As promised, I want to share another way to use Psalm 119 as a guide in prayer and daily devotions:

The author of Psalm 119 set down a format for us. I have used this format for many years.  Did you notice in your Bible that this Psalm is divided into 22 sections of eight (8) verses? Did you notice that each section begins with a letter in the Hebrew Alphabet? The Psalmist used the alphabet as an acrostic to help people to learn and remember the poems and prayers.  For example, verses 1-8 begin with aleph; the next eight with bet, the second letter of the Hebrew alphabet, and the pattern is continued through verses 169–176, with taw, the 22nd letter, and last letter, of the Hebrew alphabet. Thus, we have 22 sections /groups of eight verses.  All of them are prayers.

Each group of 8 verses has a theme, which is helpful because it enlarges the painting of the view of God. The theme can also help us see our need and our reliance upon God. The Word Biblical Commentary does a good job of summarizing each section. I will list each section and their theme in a coming blog post. I’d recommend writing the theme next to the Hebrew letter of each section in your Bible. It will help your mind focus in a direction of prayer for that day; that day of the month.

If you have a desire to commune with the Father but you’re struggling with what to do or how to stay focused and disciplined …

Here’s what to do:

Use an ink pen to number each of the 22 sections. Then, when you get alone to pray, open your Bible to Psalm 119 and look for the corresponding day of the month. You’ll have eight verses to read, meditate upon, and lead you in prayer. These sections glorify your God, remind you of your dependence upon Him, lead in you repentance, prompt to praise Him, stir towards good works, and much more.

For me, one of the most important things that this practice does is: get my mind focused on HIM!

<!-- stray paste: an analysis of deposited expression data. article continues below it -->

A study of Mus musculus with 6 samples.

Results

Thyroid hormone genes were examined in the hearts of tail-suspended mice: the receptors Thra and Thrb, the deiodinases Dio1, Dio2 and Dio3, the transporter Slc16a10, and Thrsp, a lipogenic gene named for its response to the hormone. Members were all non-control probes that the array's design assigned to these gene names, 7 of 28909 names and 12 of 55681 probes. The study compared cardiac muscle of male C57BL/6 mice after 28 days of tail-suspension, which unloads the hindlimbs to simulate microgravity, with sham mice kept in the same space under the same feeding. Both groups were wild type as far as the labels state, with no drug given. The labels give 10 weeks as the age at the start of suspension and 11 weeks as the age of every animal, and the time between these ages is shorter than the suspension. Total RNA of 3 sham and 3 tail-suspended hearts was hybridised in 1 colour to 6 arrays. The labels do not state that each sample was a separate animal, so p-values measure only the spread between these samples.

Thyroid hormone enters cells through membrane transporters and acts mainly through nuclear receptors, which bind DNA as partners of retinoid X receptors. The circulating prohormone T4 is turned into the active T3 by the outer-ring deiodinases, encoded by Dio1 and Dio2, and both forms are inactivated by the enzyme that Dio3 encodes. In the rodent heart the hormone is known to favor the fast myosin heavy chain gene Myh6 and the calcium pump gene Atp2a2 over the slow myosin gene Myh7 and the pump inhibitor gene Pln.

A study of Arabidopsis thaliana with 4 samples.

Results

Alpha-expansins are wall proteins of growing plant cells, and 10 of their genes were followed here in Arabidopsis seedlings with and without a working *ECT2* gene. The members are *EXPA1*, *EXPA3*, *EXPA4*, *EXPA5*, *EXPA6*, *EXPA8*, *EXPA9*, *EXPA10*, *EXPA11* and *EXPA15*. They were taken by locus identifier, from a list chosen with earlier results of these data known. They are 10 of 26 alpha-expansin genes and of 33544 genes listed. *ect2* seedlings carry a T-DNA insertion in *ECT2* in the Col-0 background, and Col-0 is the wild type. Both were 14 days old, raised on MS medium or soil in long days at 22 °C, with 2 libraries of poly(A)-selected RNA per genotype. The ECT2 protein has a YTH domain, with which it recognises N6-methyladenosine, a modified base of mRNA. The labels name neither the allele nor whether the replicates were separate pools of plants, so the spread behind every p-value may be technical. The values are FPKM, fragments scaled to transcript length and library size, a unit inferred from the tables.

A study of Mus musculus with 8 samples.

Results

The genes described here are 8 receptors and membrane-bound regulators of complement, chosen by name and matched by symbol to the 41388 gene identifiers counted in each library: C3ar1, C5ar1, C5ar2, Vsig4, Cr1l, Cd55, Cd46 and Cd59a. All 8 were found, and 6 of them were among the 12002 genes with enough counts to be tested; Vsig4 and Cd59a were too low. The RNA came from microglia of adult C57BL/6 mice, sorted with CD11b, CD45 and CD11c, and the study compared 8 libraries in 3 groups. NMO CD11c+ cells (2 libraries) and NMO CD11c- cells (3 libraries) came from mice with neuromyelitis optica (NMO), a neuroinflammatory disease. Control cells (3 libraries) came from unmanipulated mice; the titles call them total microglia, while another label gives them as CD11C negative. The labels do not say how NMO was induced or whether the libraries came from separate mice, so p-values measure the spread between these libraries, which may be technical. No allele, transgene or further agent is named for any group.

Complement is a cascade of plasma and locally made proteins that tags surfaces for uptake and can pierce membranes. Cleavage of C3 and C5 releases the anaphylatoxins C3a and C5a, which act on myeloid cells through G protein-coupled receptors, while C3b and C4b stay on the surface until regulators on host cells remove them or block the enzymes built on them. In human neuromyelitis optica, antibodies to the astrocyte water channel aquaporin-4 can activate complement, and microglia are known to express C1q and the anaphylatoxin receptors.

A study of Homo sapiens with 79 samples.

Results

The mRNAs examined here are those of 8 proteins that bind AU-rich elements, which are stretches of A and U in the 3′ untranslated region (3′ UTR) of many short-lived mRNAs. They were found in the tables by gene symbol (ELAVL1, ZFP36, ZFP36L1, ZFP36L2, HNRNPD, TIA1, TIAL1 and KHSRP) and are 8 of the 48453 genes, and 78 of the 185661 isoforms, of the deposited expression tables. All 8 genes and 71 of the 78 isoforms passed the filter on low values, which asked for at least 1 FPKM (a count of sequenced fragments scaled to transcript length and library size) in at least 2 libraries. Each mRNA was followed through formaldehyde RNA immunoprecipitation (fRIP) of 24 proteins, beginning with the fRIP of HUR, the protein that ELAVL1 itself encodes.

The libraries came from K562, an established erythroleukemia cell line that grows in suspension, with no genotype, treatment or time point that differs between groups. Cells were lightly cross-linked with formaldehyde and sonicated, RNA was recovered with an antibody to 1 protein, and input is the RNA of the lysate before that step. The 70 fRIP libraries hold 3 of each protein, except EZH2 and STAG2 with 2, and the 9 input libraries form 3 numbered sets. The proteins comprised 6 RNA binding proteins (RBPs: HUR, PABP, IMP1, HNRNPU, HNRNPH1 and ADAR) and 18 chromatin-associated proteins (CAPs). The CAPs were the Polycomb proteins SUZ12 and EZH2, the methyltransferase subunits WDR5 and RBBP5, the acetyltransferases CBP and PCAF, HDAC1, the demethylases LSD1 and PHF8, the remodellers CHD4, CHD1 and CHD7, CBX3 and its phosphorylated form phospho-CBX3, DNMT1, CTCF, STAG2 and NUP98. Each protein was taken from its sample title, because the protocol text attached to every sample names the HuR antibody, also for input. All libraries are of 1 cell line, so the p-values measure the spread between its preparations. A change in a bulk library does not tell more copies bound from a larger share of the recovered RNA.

I don’t know about you but my mind wanders, terribly. My quiet time is early in the morning and the first obstacle is getting the brain cranked up and functioning. A second thing it does is help me to be focused on the Lord. It helps me to keep my thoughts towards the things of His kingdom. This is not an easy discipline. Having a daily routine that begins in the scriptures helps me, more than that, it disciplines me.

I write in my two books the importance of marriage between scripture and prayer. This practice unites them. You can use this practice with any book or chapter in the Bible, and I encourage you to do that. I will be continuing this style of blog posting and I hope that it inspires prayer while teaching sound theology.

Let the scriptures help instigate prayer. Let it give you words to pray when you don’t know what to pray. Let His word help you to express your thoughts, feelings, burdens, joys, sorrows, fears, and confessions of faith. It is already laid out for you. The Spirit of God is inviting you to learn and commune with our Living, Loving, Saving God through His own word. He is showing us His will and invites us to bring it to Him in prayer. How incredibly awesome is that!

Psalm 119:18 (NKJV) — 18 Open my eyes, that I may see Wondrous things from Your law.